LITTLE ROCK, Ark. (KTVE/KARD) — In April of 2021, the Arkansas Legislature passed a bill that banned gender-affirming care for trans youth. Starting Monday, October 17, 2022, the legality of this law will be the subject of a two-week-long trial.

Four families of trans youth and two doctors have sued the state, arguing that the ban violates the Equal Protection Clause of the Fourteenth Amendment by discriminating on the basis of gender identity, the First Amendment by limiting the speech of medical providers, and undermines parents’ fundamental rights to make medical decisions for their children. 

This gender-affirming care includes a wide range of social, psychological, behavioral, or medical interventions that are used to support and affirm a person’s gender identity. Many medical organizations oppose the state’s position stating that this care is safe and supported by scientific evidence as well as saying that denying it to young people, who need it could put them at risk of significant harm to their mental health.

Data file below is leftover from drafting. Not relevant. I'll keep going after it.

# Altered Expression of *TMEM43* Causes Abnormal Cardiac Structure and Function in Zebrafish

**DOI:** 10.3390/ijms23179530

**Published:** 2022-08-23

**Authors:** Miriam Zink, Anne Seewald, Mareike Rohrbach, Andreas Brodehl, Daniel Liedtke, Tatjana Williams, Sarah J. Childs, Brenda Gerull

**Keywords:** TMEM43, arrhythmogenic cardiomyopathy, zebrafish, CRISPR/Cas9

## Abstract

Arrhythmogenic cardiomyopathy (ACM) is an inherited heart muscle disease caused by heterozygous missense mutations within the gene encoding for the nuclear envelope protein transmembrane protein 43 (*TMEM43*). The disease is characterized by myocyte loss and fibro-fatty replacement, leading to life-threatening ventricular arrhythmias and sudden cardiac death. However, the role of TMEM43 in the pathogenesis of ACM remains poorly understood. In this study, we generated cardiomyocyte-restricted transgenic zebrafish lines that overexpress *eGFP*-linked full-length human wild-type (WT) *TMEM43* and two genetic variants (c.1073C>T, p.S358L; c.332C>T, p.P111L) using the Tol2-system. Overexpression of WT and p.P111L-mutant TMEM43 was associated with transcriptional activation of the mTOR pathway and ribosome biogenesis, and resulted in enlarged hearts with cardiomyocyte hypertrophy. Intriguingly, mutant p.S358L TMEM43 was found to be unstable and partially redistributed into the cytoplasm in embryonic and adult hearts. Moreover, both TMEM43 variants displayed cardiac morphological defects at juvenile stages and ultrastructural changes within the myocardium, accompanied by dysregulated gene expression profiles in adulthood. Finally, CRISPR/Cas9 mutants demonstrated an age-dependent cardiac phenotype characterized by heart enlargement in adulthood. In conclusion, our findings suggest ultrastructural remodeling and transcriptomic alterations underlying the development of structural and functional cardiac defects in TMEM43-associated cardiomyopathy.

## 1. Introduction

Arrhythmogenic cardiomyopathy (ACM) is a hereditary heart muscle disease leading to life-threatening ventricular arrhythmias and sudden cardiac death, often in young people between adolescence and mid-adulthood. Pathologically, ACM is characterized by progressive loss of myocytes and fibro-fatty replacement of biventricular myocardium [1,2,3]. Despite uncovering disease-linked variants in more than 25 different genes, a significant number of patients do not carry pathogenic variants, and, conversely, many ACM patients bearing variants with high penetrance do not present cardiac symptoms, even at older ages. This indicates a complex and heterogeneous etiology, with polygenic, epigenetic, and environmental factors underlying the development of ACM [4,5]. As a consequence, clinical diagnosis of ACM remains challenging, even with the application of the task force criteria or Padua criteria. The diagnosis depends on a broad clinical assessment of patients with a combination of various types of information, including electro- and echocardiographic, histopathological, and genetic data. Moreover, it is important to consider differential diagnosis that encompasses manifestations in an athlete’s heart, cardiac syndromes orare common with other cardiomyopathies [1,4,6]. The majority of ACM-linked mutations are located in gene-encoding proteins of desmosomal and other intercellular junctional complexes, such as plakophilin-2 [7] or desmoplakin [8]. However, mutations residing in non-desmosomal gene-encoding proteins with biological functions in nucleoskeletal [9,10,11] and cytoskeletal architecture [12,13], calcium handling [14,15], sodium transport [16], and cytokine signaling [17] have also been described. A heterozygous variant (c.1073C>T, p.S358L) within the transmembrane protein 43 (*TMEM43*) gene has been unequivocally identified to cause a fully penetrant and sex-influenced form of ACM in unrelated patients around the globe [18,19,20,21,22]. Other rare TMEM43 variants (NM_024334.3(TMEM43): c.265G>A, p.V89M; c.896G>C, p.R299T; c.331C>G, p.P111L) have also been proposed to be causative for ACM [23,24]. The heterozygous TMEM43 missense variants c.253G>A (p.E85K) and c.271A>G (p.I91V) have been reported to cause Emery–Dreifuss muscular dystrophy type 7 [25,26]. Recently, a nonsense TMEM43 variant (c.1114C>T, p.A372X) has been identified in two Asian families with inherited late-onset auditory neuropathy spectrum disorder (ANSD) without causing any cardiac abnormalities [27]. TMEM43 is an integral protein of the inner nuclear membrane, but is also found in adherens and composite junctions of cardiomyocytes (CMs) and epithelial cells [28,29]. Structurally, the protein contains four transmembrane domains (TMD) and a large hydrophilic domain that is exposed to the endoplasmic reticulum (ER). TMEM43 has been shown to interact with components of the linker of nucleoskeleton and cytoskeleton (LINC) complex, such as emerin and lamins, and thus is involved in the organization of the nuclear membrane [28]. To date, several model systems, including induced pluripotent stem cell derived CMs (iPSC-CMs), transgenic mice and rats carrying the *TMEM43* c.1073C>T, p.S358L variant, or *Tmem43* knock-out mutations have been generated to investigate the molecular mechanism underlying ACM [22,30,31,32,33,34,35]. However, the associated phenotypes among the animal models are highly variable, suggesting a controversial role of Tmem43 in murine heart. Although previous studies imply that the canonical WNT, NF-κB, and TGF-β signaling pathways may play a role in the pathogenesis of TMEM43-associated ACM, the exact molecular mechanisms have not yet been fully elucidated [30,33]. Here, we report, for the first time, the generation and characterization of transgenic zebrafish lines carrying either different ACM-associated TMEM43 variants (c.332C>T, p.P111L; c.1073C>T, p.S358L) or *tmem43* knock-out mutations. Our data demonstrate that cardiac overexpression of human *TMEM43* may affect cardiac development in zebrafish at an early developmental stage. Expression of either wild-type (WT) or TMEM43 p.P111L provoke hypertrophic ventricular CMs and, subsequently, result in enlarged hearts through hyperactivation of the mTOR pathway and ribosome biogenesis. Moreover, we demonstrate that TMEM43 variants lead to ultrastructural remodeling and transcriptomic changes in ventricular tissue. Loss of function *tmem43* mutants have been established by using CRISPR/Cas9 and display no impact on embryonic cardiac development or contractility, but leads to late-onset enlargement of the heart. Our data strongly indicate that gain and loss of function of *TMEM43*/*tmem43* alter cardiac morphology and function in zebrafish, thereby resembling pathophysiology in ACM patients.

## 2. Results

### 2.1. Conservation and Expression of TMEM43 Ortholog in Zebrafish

Arkansas’ Act was the first gender-affirming care ban in the United States. In July 2021, the district court issued an injunction that prevented the law from going into effect as it played out. The new trial will decide whether the law will go into effect.

This case has been closely watched and has already received the input of major medical organizations, LGBTQ advocacy groups, and the Biden Administration. The Arkansas trial will determine whether trans and gender non-conforming youth throughout the state can access this gender-affirming medical care.